This post is essentially a restatement of what is in the summary posts. This is merely to demonstrate the logic of Genesis 1-2.

As previously stated, before the beginning God was one, then God created the universe to be one in him. God did not create the universe to exist separate from himself. Rather it was created to be in union (relationship) with God. There are three important contextual points already mentioned that need to be discussed here to help understand how all things are united in God, these are:
• God created all things
• God judged individual parts of creation to be “good” and the sum of the parts to be “very good”,
• “Good” means to be like God and “very good” refers to being more like God (united, many and one), and

God created all things; he was created by no one, meaning that he has unquestionable authority to pass judgement on all things (creation). At the end of the first five days of creation God judged each new part plus the previous parts to be “good” and at the end of the sixth day he beholds the entire order of creation and declares it to be “very good”. To understand what “good” means is to understand who God is. When God judges creation as “good” he is using himself as the benchmark/definition, for what else was there to measure against? There is no greater judge or higher standard by which creation could be assessed. Therefore this judgement is a statement of approval, consistency, union and harmony between the God and his creation. The form that the universe took in the beginning was the image of God.

What about the difference between the use of “good” and “very good”? If “good” is a statement of being consistent with who God is, then “very good” can be seen as a statement of being more like God. So God judges the whole order of creation as more fully reflective of his image than each part separately or the incomplete creation on each of the first five days. It is the union of the parts that make up the whole which represents the union (image) of God.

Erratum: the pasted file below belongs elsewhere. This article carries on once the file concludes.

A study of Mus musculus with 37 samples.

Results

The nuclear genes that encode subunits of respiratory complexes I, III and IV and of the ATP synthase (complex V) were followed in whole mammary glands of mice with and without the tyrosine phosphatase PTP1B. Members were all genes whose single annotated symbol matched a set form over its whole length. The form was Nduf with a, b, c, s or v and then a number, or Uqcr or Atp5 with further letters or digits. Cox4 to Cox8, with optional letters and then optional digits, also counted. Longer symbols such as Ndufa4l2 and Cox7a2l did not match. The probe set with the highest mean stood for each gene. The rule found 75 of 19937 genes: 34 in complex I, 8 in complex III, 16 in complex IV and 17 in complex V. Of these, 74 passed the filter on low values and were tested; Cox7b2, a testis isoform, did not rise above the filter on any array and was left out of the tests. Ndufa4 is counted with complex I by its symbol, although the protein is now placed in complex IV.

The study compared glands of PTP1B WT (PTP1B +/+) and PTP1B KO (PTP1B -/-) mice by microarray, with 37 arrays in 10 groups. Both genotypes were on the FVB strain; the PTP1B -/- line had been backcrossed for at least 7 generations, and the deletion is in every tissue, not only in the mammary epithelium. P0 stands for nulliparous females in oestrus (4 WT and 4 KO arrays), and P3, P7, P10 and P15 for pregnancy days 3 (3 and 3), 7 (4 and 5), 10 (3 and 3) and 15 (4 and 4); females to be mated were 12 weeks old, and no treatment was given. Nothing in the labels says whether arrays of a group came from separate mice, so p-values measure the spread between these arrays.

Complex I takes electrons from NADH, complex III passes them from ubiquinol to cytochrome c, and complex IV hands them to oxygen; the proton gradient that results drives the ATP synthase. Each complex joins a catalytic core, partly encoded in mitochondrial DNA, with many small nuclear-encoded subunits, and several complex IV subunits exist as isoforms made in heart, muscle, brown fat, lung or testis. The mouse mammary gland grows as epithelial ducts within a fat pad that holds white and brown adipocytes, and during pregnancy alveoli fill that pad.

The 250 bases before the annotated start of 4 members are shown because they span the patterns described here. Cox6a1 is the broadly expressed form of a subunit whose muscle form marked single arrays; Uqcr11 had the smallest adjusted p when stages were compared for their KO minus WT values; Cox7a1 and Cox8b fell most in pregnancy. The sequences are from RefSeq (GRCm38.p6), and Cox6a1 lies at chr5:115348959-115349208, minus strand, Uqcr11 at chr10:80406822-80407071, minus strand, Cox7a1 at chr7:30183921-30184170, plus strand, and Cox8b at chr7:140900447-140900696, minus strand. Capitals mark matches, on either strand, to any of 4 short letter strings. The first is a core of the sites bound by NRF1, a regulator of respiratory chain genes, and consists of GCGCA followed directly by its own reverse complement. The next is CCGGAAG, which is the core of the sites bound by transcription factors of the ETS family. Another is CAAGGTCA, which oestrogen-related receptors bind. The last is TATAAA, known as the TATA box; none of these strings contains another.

What about humanity?
While God judged the universe using himself as the standard it does not mean that the order of the universe completely reflects every aspect of God. God acknowledges this through his judgements of “good” (like God) and “very good” (more like God). All parts of creation individually do not fully reflect God’s image.

Therefore when God specifically states that he is making mankind in his image (Genesis 1:26-27) he is acknowledging that mankind reflects his image more fully than any other part. He makes this even more apparent in Genesis 9 when he makes a distinction between his image reflected in mankind and animals, saying:

The fear of you and the dread of you shall be upon every beast of the earth and upon every bird of the heavens, upon everything that creeps on the ground and all the fish of the sea. Into your hand they are delivered. Every moving thing that lives shall be food for you. And as I gave you the green plants, I give you everything. But you shall not eat flesh with its life, that is, its blood. And for your lifeblood I will require a reckoning: from every beast I will require it and from man. From his fellow man I will require a reckoning for the life of man.

“Whoever sheds the blood of man,
by man shall his blood be shed,
for God made man in his own image.

(Genesis 9:2-6)

Leaving aside the disunity that is being emphasised in this passage (this will be discussed in later posts). God makes a qualitative distinction between mankind and animals, showing that a single human more fully reflects his image than any animal. While animals reflected the image of God in part (good) and as part of the undefiled order of creation (very good), mankind reflects God’s image when evaluated separately from creation (very good). Not to say that mankind was created to live separately from creation (they weren’t).

Therefore God created the universe in his image, united he created it. Nowhere is this more evident than in humanity.